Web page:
Pope Clement V was born Bertrand de Got in 1264 CE at Villandraut in Gascony. He was crowned as Pope in Lyons, about a year after the death of Pope Benedict. De Got was a friend of King Philip of France, but at the same time had been a strong supporter of Pope Boniface VIII, who was an enemy of Philip’s. The King of France had publicly burned Boniface’s Papal Bull, Unam Sanctum which gave the Pope absolute power over everything.
Clement settled in Avignon France in 1309. Until this time all Popes had resided in Rome. Avignon would be the home of the Popes until 1378, with but one brief exception. This period at Avignon is often referred to as the “Avignon Captivity.” Seated in Avignon, Clement and the other Avignon Popes would keep their hands on the controls of Rome through the use of Vicars.
Many historians believe that Clement V was a weak and subservient Pope. Clement was afraid of the manipulative French King Phillip and this fact is seen through his dutifully following Philip’s every whim. Philip Le Bel, who as mentioned earlier, was an enemy of Pope Boniface VIII, so deeply hatred the man that he tried to have him posthumously branded as a heretic. It is interesting to note that Philip had a hand in Pope Boniface’s death. Clement actually began to start a proceeding to do as Le Bel wished but stalled long enough for Phillip to change his mind on the matter. This was not the last time that Phillip would use Clement to brand a group as heretics as in 1307 the pair would orchestrate the arrest of the Knights Templar.
Clement V And The Downfall Of The Knights Templar
After the final collapse of Outremer in 1291, the Templars had lost some clout and a great deal of face. There is no doubt that the fortune and power amassed since their humble beginnings two centuries earlier, had made many monarchs and citizens jealous. It was this jealousy, combined with greed and a nearly bankrupt nation, that prompted Phillip to make his move on October 13th, 1307 – arresting all the Templars in France. Under the inquisitor’s torture methods, all sorts of confessions were extracted. Clement using these confessions to his own ends was able to suppress the order of the Templars in 1312. What follows are the Papal Bulls that crushed the Knights Templar.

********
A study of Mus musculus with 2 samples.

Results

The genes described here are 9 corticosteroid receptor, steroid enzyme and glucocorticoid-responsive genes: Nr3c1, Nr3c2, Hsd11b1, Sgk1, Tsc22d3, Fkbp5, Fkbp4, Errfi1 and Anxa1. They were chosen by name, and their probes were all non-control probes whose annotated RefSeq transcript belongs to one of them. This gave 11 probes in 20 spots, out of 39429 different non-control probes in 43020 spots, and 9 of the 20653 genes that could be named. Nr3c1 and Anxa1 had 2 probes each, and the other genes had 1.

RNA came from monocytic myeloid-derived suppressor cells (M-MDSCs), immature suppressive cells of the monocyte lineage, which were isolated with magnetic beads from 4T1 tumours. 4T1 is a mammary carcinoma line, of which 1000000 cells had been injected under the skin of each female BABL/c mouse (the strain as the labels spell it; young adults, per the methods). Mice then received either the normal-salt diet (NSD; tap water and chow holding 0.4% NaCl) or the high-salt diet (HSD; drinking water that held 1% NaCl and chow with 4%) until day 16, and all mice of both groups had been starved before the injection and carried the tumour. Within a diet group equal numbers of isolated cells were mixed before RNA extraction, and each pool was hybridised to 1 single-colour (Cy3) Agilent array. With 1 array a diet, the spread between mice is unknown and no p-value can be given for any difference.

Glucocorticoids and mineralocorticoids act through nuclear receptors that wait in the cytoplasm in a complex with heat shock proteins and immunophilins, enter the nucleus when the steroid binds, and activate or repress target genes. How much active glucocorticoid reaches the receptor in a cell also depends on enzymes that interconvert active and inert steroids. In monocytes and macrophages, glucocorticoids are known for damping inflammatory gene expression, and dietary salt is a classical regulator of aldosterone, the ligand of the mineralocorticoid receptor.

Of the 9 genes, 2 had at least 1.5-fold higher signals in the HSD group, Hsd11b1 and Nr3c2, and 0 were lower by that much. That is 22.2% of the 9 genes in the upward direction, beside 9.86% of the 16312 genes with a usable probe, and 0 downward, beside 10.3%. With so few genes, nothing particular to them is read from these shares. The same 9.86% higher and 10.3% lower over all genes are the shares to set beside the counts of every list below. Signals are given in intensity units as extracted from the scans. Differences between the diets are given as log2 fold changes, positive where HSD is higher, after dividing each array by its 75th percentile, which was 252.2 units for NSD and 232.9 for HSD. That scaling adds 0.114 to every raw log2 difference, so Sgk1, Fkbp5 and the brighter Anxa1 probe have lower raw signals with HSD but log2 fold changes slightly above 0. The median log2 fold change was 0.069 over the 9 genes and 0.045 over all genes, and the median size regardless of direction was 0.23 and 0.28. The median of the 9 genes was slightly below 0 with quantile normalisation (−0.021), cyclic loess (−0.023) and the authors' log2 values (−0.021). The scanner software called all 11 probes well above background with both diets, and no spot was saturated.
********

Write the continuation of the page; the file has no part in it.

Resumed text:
Pope Clement’s Papal Bulls Involving The Knights Templar
Vox in Excelso: The bull that actually suppressed the order
Ad Providam: Is the follow up bull that passed what little assets remained over to the rival Hospitallers order
Considerantes: Papal Bull given May 6 1312
Nuper In Concilio: Papal Bull given May 16 1312
1 DEC 1312: Papal Bull given at the Council of Vienne
Licet Dudum: Papal Bull given at the Council of Vienne December 18th 1312
31 DEC 1312: Papal Bull given at the Council of Vienne
Licet Pridem: Papal Bull given at the Council of Vienne – January 13th 1313
The Death Of Pope Clement V
Jacques de Molay, the last Grand Master of the Knights Templar, while about to burn to death as a relapsed heretic, allegedly issued a curse to both Phillip IV and Clement V. The curse was that both men would meet him in heaven within a year to face God for their wrongful accusations. Whether this curse was actually spoken or not, will perhaps always remain a mystery. The fact is that both Phillip IV and Clement V did die within a year of de Molay. Clement V (Bernard de Got) died on April 20th, 1314.
TemplarHistory.com was started in the fall of 1997 by Stephen Dafoe, a Canadian author who has written several books on the Templars and related subjects.